By: Richard L. Carey
During a visit to my relatives near Albuquerque, New Mexico I had a chance to visit the site of the first atomic bomb test which occurred on July 16, 1945. The Trinity site, as it was named by Robert Oppenheimer, is in the northern part of the White Sands missile Range and is normally closed to the public.
Twice a year, on the first Saturday in April and October, the site is opened to the public from 9 am to 2 pm. A 51,500 acre area including ground zero, where the bomb was placed for the explosion; base camp, where scientists and support crew lived; and the McDonald ranch house, where the plutonium bomb core was assembled, was declared a National Historic Landmark in 1975.
About 9 miles south of Socorro on route 25, at the small town of San Antonio, we turned east on route 380. After 12 miles we turned south on route 515 toward Stallion Site on the missile range. At the guard shack we were greeted and given an informational brochure and directed to follow the road 17 miles to our destination. Dozens of cars passed by as we traveled across the flat desert valley called Jornada del Muerto. As in California, the spring rains made the land green and lush with lots of yucca. There are only a few scattered snail test sites in this vast area and the road is paved all the way. Traffic was backed up for a half mile or more as we crawled into the parking area. There were perhaps 200 cars there. The Army, always thinking of our safety and comfort, had 20 portable toilets set up and a military ambulance was waiting should someone faint or get bitten by a rattlesnake.
A short walk from the parking area, through a fence marked with radiation hazard signs, is Ground Zero, with a lava rock obelisk and bronze plaque on the spot where the bomb was placed atop a 100 foot tower. Nothing remains of the tower which was instantly vaporized except a few chunks of steel rebar sticking out of the ground at one corner. Radiation, although ten times higher than background levels, is said to be safe and much less than one's normal yearly exposure. We were advised however, not to eat, drink, or smoke in the area or pick up rocks. The thought of radiation didn't seem to deter the hordes of people. plant life and the general appearance of ground zero were about the same as the surrounding desert and nothing indicated the past explosion of a 20 kiloton bomb. There had been grading at the site many years ago to fill in the shallow crater and remove the radioactive Trinitite, a molten glass-like rock forced by the intense heat of the blast.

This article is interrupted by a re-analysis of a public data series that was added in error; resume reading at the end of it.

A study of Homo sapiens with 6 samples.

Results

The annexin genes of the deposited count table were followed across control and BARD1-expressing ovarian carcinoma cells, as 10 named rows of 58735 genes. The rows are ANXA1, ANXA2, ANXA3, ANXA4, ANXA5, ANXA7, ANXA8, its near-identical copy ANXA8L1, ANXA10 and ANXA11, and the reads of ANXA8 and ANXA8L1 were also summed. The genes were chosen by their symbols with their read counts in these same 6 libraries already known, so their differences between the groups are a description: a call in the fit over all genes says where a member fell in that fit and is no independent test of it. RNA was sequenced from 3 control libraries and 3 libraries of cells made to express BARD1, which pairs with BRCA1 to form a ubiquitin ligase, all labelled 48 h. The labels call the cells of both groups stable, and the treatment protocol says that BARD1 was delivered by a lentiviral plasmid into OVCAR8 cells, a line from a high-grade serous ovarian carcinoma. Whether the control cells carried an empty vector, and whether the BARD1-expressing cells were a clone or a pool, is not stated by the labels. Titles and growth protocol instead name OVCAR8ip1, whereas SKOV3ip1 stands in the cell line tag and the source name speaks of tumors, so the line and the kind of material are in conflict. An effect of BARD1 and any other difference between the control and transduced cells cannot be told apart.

The Army had arranged two buses to shuttle people two miles to the old McDonald ranch. This structure, originally built by the Schmidt family in 1913, has been restored to its 1945 appearance by the Park Service. Numerous photos inside the house depict the harsh, isolated ranching life lived by several generations before the Army took over.
Regardless of your sentiments on the nuclear age, the Trinity Site visit is an interesting and educational trip and offers one a chance to reflect on an event that changed the world. It could be combined with a visit to the nearby Bosque del Apache Wildlife Refuge, and, in the fall, the Albuquerque Balloon Fiesta is also held in the first week of October.